BRAND DIFFERENTIATION IN THE FITNESS SECTOR
The growing offer of gyms, referred as the ‘gym boom’, was the result of new marketing strategies and rebrands from already positioned gyms in an attempt not to lose their customers and to gain new ones.
The revolution in fitness came with a polarization of the market in terms of cost, there are two extremes of the spectrum: low-budget and health club type, and staying in the middle is too risky for gyms. These two sides are no direct competition, as they target different audiences, budget amateurs and boutique gyms fitness lovers who require more specialised training.
The main brands had strong responses to the change in the market. Rebrands included venues, logos and technological engagement through their own platforms and apps.
One of the big names in the sector went through a rebrand that started with a new CEO, Andy Coslett and a partnership with the Clearing to work on the refreshment of the brand that led to a new red logo symbolising energy. With more than 1 million members over 16 countries, Fitness First understood the need to present high-performance sporting in all elements of the premises. The company improved their staff’s skills and looks. It has also been using technology as a key element to engage customers. Fitness First made a large investment on interactive screens for virtual lessons and a free app, CustomFit, that helps people keep track of their progress, taking customisation to a different level.
Pure Gym has placed most of its efforts on the economic aspect. First, it examined its competitors, Pure Gym attempted a merger with the Gym Group and then, actually took over LA Fitness, one of its main rivals. After that, the company decided to be characterised as a low-budget yet high-quality option. Pure Gym also eliminated swimming pools, saunas and cafes to lower costs and filled in the spaces with more equipment. In addition, flexibility became part of the strategy with a no-contract model and 24 hours service. With all these changes, the change of its blue and green logo to the black and blue one went unnoticed.
The 2014 Gym of the Year winner in the National Fitness Awards decided to focus on building identity and community around fitness. Its visuals in black and yellow and logo of a tyre represent its industrial setting, which served as inspiration for its concept ‘Fitness Garage is a place where you don’t train on machines but become a machine.’ Fitness Garage also emphasizes that training needs to be functional. Aware of the needs of its customers, its training programmes go from strength and conditioning to weight loss. Hard work can also be rewarded with the Beauty and Hair services offered.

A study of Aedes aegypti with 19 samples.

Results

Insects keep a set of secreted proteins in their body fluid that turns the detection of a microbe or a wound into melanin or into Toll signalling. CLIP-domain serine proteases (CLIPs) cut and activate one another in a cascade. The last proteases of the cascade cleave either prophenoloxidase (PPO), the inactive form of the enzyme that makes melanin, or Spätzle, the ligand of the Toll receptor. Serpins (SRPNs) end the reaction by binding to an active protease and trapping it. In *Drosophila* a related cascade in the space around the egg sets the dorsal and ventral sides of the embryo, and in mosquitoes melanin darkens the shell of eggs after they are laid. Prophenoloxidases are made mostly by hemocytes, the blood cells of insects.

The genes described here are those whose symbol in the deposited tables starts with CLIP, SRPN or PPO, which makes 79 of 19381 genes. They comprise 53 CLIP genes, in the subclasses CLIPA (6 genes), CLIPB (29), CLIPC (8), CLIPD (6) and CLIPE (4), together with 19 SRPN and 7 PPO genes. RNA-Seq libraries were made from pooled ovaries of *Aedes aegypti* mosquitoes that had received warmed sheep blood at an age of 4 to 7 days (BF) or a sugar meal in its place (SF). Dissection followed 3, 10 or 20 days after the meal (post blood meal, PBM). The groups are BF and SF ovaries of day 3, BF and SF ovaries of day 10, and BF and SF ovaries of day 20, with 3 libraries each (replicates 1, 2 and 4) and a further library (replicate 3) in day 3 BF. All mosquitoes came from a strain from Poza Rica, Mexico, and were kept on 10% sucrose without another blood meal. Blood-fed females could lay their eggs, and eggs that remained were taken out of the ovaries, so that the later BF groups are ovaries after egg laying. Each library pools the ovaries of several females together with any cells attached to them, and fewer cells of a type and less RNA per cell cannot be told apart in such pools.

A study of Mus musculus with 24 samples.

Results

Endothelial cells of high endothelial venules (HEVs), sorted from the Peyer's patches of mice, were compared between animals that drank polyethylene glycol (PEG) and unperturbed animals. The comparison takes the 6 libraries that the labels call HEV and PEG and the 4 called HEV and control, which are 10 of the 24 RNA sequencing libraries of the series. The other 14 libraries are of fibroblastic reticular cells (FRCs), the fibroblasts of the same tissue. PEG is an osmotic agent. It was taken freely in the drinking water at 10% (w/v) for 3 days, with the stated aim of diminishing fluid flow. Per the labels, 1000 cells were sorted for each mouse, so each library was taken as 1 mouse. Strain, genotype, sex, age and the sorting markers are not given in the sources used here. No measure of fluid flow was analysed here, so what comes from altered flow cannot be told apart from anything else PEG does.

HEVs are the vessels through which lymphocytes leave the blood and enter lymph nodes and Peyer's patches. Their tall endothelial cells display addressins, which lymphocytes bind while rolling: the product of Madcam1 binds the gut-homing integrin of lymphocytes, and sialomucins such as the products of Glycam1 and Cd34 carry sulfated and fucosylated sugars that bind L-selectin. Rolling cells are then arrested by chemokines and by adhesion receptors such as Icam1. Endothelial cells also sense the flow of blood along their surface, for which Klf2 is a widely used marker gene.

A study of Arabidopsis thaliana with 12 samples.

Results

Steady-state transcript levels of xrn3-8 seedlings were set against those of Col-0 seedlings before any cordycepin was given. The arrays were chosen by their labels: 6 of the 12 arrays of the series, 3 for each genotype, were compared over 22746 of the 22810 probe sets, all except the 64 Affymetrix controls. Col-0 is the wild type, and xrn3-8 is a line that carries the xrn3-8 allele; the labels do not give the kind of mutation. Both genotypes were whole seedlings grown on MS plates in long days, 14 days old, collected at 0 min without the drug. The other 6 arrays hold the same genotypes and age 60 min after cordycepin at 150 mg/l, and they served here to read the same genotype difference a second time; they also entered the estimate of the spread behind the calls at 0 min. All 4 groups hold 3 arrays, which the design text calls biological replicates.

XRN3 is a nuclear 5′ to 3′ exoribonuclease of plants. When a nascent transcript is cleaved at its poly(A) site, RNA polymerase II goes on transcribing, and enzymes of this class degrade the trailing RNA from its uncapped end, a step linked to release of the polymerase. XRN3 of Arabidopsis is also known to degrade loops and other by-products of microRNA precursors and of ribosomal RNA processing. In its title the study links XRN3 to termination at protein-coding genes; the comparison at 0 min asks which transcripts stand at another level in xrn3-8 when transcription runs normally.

Equinox is a brand of luxury fitness clubs with studios in the U.S., Toronto and London. After a rebrand in 2014, fitness and luxury are part of a life style that Equinox is determined to inspire people to live. Consequently, the company will expand to hotels, starting in New York. The logo and website were renewed with a sober black and white look applied to suggestive mottos with a hype of exclusivity like ‘A fitness club for the elite’, ‘Not for everyone’ or ‘Upgrade yourself’. It also has digital magazine, Furthermore, that addresses food, travel and sleep as part of the fitness lifestyle and its own app.
The changes in the competitive fitness market have clearly benefited big companies who decided to invest to reinvent and reposition their businesses. The resulting new brands succeed in illustrating more energy and dynamism than has before been seen in this sector.